Legislation regulating canvassers working on ballot initiatives is making its way through the legislature this week. Advocates of the bill argue that steps need to be taken to ensure the integrity of the petition process. Opponents contend the legislation is designed to stifle the capacity of those seeking to put initiatives on the ballot.
The language of SB 821, sponsored by Keith Ingram (D), specifically calls into question the efforts of ballot initiative campaigns from the 2012 election cycle,
“Of the four petitions submitted, none had an initial validity rate in excess
of fifty-six percent (56%), and three (3) of the petitions had an initial validity rate below thirty-one percent (31%)”
Issues of signature validity in petitions could include canvassers forging signatures, misrepresenting the initiative, or printing people’s names for them. On Tuesday, Senator Ingram took the floor and said, “paid canvassers come in from out of state with no vested interest other than to make money.”
The bill would require paid per signature canvassers to register with the Secretary of State biannually and complete a training course. It also creates standardized petitions, reports fraud to prosecutors and police, sets an 18 year and up age requirement, and discards petitions if more than one county appears per petition page.
Chris Kell, Chief Strategist of Arkansans For Compassionate Care (Medical Marijuana), stands in opposition to SB 821,
“Already, all signatures up to the minimum amount of 62,507 are certified by the Secretary of the State, so the groups paying the canvassers are out the money. There is no way for a canvasser to verify that someone is registered to vote out on the ground.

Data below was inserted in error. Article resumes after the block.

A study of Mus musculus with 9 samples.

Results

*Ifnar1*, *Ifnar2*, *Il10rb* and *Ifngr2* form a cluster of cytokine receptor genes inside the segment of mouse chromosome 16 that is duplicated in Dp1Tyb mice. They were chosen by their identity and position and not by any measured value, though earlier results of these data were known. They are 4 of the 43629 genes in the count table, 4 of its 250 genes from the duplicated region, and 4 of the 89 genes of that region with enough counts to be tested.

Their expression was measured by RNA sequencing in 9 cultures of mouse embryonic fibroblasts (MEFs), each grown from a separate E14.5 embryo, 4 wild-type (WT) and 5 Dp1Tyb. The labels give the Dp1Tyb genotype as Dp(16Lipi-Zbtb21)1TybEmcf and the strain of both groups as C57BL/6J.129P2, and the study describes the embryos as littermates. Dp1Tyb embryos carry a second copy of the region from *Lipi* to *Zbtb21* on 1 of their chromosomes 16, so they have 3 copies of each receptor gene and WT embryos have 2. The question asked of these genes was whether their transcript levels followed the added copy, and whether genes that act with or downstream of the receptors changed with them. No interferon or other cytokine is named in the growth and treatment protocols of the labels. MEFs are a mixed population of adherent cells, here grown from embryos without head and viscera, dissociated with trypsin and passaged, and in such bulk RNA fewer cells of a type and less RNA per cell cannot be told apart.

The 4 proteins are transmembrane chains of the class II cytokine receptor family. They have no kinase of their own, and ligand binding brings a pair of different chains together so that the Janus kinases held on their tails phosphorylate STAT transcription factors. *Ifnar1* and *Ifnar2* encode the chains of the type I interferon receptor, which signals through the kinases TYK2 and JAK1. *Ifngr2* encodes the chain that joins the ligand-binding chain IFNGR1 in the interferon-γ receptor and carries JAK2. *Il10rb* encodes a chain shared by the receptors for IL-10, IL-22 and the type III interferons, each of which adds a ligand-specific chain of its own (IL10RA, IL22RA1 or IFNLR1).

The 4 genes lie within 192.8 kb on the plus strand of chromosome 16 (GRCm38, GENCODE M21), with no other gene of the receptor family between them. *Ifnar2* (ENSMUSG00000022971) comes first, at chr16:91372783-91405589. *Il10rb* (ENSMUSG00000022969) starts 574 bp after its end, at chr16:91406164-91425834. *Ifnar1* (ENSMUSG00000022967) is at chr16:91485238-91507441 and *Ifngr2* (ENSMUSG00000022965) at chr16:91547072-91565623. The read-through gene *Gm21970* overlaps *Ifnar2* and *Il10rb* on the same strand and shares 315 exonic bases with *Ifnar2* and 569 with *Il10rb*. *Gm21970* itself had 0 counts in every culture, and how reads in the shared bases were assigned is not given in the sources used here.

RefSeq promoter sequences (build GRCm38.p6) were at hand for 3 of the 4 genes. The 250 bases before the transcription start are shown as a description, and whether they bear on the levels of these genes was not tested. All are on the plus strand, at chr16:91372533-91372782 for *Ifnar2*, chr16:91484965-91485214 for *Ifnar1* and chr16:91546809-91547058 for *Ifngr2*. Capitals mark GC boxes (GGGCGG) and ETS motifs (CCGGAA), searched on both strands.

There are better approaches. For example, we independently verified our own signatures. We also instituted a policy that we would only pay per verified signature. That would take care of any fraud problems on the front end. It put too much liability on the canvassers considering their resources. It is a burden that is not justified and is totally unnecessary.”
Kell contends the effects of the legislation could be fatal for the future of ballot initiatives in Arkansas, “If this law had been in place for last cycle we would not have been on the ballot.” He also questioned the intent of the legislation,
“Several of the sponsors are from either West Memphis or Hot Springs. Oaklawn and Southland have monopolies on gambling in Arkansas yet nearly every election cycle since the 1990's there has been people trying to legalize casino gaming in Arkansas. By making it prohibitively difficult for anyone to get the signatures to place the initiative on the ballot, they are guaranteed to continue to have those monopolies.”
Another supporter of the bill, the Arkansas Family Counsel, opposes the upcoming campaigns for the Medical Marijuana Act and Marriage Equality Act.
The bill passed the Senate on Tuesday with a 29-1 vote. The bill will be taken up by the House State Agencies Committee this Friday morning.